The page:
Have you ever walked into a room and forgot why? Or struggled to recall a word or name during a conversation? Or forgot where you put your phone (even while you were using it)? If so, you’re not alone. Not by a long shot. A quick Google search on “how to improve memory” yields nearly two million results.
Here are five favorite, (relatively) simple, brain-provoking lifestyle changes for improving your memory.
Perhaps the most important change you can make to improve your memory is to get enough quality sleep. Sleep deprivation is shown to affect both short- and long-term memory, recall, and decision making. Most of your memory consolidation happens while you are sleeping, so it makes sense those who are sleep deprived can struggle remembering, or even committing new things to memory.
A few factors determine how much sleep you should get, including age. For most adults, the National Sleep Foundation recommends between 7–9 hours.
Eat a Healthy, Balanced Diet
You may not be what you eat, but food can affect your memory. Research shows diets high in trans and saturated fats and sugars may have a growing impact on cognition—especially as we get older.
Foods shown to most benefit brain health are also some of the foods touting cardiovascular advantages, specifically foods found in the Mediterranean diet.
Shoot for a diet full of foods with a low-glycemic index, such as fresh fruits and vegetables, whole grains, fish, and other lean meats.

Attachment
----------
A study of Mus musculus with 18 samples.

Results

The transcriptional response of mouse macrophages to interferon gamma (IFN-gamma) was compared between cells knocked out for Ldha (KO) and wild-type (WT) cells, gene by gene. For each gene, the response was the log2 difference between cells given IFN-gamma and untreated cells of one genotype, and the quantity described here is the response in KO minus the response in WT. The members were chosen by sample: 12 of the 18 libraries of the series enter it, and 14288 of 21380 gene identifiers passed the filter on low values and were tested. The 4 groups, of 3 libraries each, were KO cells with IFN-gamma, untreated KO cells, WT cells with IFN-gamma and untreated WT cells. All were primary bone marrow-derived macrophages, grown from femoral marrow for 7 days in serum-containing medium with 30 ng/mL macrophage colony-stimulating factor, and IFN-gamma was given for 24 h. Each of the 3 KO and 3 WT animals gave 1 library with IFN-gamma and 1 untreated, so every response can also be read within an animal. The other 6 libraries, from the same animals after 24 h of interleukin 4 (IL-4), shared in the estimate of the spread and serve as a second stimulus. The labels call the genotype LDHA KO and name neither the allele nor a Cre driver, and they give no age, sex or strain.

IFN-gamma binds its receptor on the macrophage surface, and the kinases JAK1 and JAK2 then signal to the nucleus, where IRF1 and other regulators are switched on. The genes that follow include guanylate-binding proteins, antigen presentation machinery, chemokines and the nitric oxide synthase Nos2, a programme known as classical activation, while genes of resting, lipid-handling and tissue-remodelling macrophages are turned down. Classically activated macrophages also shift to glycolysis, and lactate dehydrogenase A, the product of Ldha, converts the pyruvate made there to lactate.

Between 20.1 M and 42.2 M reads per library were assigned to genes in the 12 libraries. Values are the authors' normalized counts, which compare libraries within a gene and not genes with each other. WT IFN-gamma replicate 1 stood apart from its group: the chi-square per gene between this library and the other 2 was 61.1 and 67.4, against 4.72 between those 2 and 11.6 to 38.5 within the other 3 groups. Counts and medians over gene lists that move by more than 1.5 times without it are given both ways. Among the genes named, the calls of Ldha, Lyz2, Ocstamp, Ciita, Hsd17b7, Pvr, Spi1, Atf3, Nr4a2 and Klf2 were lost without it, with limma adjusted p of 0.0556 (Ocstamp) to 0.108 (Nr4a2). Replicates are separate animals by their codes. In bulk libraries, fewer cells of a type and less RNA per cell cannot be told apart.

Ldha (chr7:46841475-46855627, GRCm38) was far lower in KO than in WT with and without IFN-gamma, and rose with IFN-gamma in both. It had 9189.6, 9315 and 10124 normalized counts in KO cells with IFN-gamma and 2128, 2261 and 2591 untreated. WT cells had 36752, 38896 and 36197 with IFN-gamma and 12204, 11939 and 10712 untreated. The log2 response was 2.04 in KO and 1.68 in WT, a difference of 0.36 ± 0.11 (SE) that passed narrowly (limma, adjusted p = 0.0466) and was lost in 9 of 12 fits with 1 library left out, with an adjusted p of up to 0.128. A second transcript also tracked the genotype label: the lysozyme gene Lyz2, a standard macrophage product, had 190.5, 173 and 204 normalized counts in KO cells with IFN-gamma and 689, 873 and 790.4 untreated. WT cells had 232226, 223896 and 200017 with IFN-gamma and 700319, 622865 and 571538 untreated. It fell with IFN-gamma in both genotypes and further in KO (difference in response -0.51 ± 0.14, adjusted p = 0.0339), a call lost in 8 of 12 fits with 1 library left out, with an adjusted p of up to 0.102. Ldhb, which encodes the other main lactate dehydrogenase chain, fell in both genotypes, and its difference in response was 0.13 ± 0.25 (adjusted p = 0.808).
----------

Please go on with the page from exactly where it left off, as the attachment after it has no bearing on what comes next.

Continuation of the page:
Test Your Brain
Seamlessly endless brain game apps and websites exist to stretch your mental acuity. Although they boast about their memory boosting results, research is mixed on their actual effects on long-term memory. But—much like hitting the gym for physical health—you need to exercise your brain to stay sharp.
Try to integrate things that stimulate your brain into your daily routine. Take a few minutes to do a crossword or Sudoku puzzle as you wind down for the day. Socialize over a chess match. Read a book, learn a foreign language, or take up a musical instrument. Whatever you choose, be sure it’s as fun for you as it is challenging for your mind.
Peruse our health tip blogs, and you’ll probably find exercise suggested in most of them to promote a variety of benefits. Brain health is no different.
Moderate exercise is shown to contribute to neurogenesis—the process of generating new neurons—in the memory centers of the brain. This doesn’t mean you’ll remember your locker combination from high school, but it does increase your capacity to create new memories.
Take a Break from Your Cellphone
You may think you’re a multitasking genius with your ability to focus both on what you’re doing and your social feed. If you really can, you are truly the exception. A reliance on our phones has been shown to both split attention and affect short-term memory. As we try to focus on multiple things at the same time, we typically fail at both. A 2009 study performed at Stanford University shows the brain really isn’t great at trying to focus on multiple things at once. Another recent study shows cellphone usage can have an impact on memory—even after as little as five minutes of use.
When you put down your cellphone, you can turn your attention to pastimes that are more beneficial for improving memory—like the tips listed above. And if you’d like to read more about building brain power, take a look at our newest article on Ask the Scientists.